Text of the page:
Today feels like the fourth quarter, but it's not. There's a lot of time left on the clock.
UNCC's board of trustees is expected to officially bless a plan to start a gridiron program at North Carolina's fourth largest university. This effort has been a long one for the 49ers – years in the making – and the temptation for supporters of 49er football will be to think of today's step (if it goes as expected) as the goal line.
Yet hold the cheers. The most critical part of making a football program a reality – and making it an asset, not a liability to a young campus – is still ahead.
Big mistake or big pay-off?
This can be a defining moment in the life of a public university that urgently needs three things to reach its potential: money, an identity and a campus atmosphere that's more like, well, a university campus.
Football will help with the campus atmosphere. In the long run it can help with identity.
But the money … that's a different question. This is either a terrible mistake or a bold step that will pay off big. How things happen from here on will determine everything.
A high threshold
When Chancellor Phil Dubois called for a football program to suit up by 2013, he set a high threshold. He recommended supporters first raise $5 million in six months to help pay for a $45.3 million stadium. He also recommended a proposed hike in student athletic fees to pay for football be cut by one-third and phased in gradually to keep that fee more in line with what students at other North Carolina universities pay, and what UNCC's peers nationwide pay.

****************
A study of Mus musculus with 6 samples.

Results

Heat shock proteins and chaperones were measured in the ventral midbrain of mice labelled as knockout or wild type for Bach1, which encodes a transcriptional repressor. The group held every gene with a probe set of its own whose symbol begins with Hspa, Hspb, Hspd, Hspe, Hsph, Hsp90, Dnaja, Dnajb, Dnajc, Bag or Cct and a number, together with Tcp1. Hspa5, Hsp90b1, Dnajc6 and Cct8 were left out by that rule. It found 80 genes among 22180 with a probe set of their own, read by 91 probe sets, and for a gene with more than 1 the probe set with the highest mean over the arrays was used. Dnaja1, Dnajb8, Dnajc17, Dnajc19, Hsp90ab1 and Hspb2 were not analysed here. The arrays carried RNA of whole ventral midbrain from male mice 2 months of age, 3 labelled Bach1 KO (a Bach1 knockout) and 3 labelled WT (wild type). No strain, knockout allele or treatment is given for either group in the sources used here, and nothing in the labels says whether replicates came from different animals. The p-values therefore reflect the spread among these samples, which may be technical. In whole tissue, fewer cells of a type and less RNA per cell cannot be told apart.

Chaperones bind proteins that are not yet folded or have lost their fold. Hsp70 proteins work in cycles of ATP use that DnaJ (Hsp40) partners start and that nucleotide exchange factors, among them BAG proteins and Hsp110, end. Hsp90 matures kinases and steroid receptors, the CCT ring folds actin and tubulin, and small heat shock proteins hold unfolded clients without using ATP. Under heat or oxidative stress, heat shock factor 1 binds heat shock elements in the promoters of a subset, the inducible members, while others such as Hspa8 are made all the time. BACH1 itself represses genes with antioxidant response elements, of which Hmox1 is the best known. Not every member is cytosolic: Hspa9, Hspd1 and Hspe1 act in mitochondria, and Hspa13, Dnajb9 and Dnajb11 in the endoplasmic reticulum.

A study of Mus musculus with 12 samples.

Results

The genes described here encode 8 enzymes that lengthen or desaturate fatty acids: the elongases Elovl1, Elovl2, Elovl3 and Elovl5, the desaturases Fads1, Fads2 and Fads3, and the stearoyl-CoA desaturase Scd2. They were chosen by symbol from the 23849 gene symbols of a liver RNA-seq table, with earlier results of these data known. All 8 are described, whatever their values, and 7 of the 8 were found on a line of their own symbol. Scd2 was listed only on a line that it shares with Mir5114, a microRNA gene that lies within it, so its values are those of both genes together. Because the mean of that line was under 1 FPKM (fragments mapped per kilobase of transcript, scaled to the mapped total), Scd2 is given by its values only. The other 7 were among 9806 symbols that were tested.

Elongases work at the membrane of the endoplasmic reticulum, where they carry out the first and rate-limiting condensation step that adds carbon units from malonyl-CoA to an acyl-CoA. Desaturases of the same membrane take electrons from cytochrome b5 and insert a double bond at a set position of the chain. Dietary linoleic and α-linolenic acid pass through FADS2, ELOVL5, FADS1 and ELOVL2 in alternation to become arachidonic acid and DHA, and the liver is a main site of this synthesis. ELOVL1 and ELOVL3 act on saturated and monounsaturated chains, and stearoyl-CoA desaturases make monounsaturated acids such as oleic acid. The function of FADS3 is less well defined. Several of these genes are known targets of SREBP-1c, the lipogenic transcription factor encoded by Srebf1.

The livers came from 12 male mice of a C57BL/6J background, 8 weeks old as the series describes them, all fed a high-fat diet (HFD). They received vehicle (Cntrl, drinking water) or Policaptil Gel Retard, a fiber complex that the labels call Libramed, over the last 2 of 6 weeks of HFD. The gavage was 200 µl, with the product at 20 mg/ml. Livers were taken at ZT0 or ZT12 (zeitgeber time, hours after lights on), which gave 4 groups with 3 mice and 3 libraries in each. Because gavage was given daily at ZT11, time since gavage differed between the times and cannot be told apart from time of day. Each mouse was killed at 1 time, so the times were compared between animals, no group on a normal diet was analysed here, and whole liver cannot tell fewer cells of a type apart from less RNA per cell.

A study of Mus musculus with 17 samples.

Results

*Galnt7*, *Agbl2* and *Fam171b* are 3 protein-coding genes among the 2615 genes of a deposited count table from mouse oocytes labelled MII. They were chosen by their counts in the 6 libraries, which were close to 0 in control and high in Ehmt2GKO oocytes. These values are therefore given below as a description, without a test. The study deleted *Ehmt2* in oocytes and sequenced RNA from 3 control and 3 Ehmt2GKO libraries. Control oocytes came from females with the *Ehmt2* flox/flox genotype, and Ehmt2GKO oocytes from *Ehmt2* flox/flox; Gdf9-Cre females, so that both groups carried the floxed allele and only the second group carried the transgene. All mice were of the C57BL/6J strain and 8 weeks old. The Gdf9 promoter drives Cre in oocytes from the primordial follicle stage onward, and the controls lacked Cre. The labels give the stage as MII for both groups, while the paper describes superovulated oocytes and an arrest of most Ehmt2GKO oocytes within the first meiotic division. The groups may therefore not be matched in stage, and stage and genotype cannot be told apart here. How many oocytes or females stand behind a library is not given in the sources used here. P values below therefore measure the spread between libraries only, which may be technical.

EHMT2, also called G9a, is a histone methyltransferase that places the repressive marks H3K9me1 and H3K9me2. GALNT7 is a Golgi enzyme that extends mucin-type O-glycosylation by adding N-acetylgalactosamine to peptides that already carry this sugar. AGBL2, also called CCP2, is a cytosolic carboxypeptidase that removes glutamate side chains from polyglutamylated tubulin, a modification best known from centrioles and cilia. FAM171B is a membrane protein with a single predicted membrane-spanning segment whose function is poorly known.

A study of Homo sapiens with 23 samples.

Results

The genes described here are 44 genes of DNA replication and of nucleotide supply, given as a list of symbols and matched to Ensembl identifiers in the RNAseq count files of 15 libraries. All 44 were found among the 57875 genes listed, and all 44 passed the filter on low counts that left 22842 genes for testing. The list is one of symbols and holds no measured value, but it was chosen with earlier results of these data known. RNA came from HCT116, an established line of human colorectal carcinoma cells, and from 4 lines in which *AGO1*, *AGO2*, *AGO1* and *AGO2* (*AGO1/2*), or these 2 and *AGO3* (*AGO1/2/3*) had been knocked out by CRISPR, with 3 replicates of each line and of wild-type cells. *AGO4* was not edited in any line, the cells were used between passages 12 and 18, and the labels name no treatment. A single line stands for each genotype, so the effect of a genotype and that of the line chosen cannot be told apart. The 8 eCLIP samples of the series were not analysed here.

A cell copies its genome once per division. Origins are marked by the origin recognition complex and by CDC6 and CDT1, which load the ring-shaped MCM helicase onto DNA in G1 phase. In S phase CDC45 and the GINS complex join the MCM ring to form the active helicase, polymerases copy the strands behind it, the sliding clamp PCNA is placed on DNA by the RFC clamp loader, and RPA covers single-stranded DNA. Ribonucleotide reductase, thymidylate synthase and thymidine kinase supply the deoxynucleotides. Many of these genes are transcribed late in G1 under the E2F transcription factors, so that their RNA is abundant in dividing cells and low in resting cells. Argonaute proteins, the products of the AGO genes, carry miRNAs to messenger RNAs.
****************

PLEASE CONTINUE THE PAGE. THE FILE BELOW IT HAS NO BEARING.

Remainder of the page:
Those are sound conditions.
To start the fund-raising, Dubois suggested selling 5,000 personal seat licenses for $1,000 each, just for the right to buy tickets.
The 49ers have received reservations for 4,010 seat licenses. That translates to a projected $4 million worth of support for football since Dubois' recommendation in September.
No money has been accepted by the ticket office. The actual sale won't begin until the trustees' final vote. Yet some 4,000 reservations, if they all pan out, represent 80 percent of Dubois' goal.
That's impressive. But the next step is the real test: Where will the rest of the money come from?
Who will raise it? Who will pledge it? Will football fund-raising divert vital private financial support away from academics?
UNCC is a young university with almost limitless potential. It aspires to be a doctoral research university and it serves the state's most populous region. It is forecast to grow at a rate that surpasses most of the state's 15 other campuses during the next decade.
Yet while the numbers and wealth of alumni are growing, UNCC's fund-raising prowess has limits. Football should not be allowed to suck desperately needed private dollars from scholarships, faculty stipends and program support.
The right gesture would be to undertake an equally ambitious financial campaign for academic programs alongside the football campaign.
Now, game on
The point? This is not a done deal until the cash is on the table.
The trustees' expected vote today in favor of football is just a start. It is an opportunity, an opening – nothing more. And there's a lot to lose.
This is not game over. This is game on.